Although the organic fresh produce category continues to grow, the growth rate has dropped significantly in recent years.
The Anaheim, Calif.-based Fresh Produce & Floral Council called on Chatsworth, Calif.-based Fusion Marketing, which compiles its quarterly market report, to delve into the “why” behind the drop in the growth rate of fresh organic fruits and vegetables in California.
Steven Muro, president of Fusion Marketing, and Mary Scott, vice president of client services, discussed the changes in the organic category during an FPFC webinar in June.
“We see some interesting changes,” Muro said, adding that he was “taken aback and surprised” by some of the findings.
Organic fruits and vegetables account for 11% of dollar sales of fresh produce in California and 6% of the volume, said Scott, who led the discussion.
Nationwide, organics have an 8.5% market share, so California is over-indexing.
Organic has progressed from being a niche player to becoming a mainstream player, she said, but it still has a relatively small share.
Nationwide, organics have an 8.5% market share, so California is “over-indexing,” she said.
Scott took a look at past and present retail dollar sales for organic fresh produce.
In 2013, organic sales accounted for $453 million in California. By 2017, that figure had risen to $768 million.
The dollar growth rate, however, has been dropping.
It’s the first time in quite a while where we actually see that the growth rate of organic produce was slower than conventional.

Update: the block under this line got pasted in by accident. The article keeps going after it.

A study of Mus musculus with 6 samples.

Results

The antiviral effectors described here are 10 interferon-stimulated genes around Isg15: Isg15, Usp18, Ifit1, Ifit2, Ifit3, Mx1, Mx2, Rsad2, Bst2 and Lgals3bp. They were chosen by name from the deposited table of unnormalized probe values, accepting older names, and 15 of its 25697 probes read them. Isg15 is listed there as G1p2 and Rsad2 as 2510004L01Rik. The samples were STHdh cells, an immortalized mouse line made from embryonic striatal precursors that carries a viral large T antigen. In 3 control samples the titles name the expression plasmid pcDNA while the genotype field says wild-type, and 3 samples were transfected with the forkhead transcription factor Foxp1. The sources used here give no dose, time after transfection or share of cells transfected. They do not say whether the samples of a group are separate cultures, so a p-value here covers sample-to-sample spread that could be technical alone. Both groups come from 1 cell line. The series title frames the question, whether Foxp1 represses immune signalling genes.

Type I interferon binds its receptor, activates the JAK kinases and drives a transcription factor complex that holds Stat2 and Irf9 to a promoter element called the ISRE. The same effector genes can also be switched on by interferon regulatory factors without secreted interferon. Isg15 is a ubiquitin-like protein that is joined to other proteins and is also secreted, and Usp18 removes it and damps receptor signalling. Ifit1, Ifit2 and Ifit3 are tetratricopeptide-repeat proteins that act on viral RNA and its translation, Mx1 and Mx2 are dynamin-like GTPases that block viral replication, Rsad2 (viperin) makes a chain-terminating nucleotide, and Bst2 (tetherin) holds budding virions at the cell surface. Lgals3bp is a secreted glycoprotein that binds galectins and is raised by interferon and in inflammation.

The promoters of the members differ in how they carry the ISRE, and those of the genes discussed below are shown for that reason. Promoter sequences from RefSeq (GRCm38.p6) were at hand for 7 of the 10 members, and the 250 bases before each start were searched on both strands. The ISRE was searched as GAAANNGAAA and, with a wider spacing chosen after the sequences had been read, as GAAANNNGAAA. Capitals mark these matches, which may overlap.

Organics grew 31% in 2014 over the previous year versus 5% for conventional. But in 2017, the growth rate dropped to 2% for organics versus 3% for conventional produce.
“It’s the first time in quite a while where we actually see that the growth rate of organic produce was slower than conventional,” Scott said.
The organic volume growth rate also has slowed.
Scott emphasized that sales are not shrinking.
“Sales are growing — no question,” she said, “but that feverish growth is tapering off.”
At the same time, availability has increased.
In 2013, 43% of stores in California offered organic produce. Today, 63% of stores offer it, so there’s still plenty of room to grow, she said.
The 63% rate of availability “leaves a lot of produce opportunities.”
Muro pointed out that the 63% figure is for all of California, so there may be areas where distribution is much higher.
Average price per pound for organic produce in California in 2013 was $2.83. Today it’s $2.93 — a 3.5% increase compared to a 15.6% increase for conventional produce.
“We’ve seen a greater relative increase in conventional pricing than we have in organic,” Scott said.
The price gap between organic and conventional produce also is narrowing.
The average premium for organic produce in 2013 was $1.48 per pound, Scott said.
In 2018, it’s $1.37.
“Organic is not commanding the same premium over conventional pricing,” she said.
Looking at produce categories, organic vegetables accounted for 13% of all vegetables and 10% of the category growth, she said.
Organic fruit accounted for an 8% share of the total fruit category and showed zero percent growth.
“Organic fruit is not playing the same role in the produce category as organic vegetables are,” Scott said.
In summary, while organic vegetables were responsible for 82% — or $17.6 million — of organic produce dollar growth in California, organic fruit contributed the majority of the volume growth — 54% or 4.4 million pounds, she said.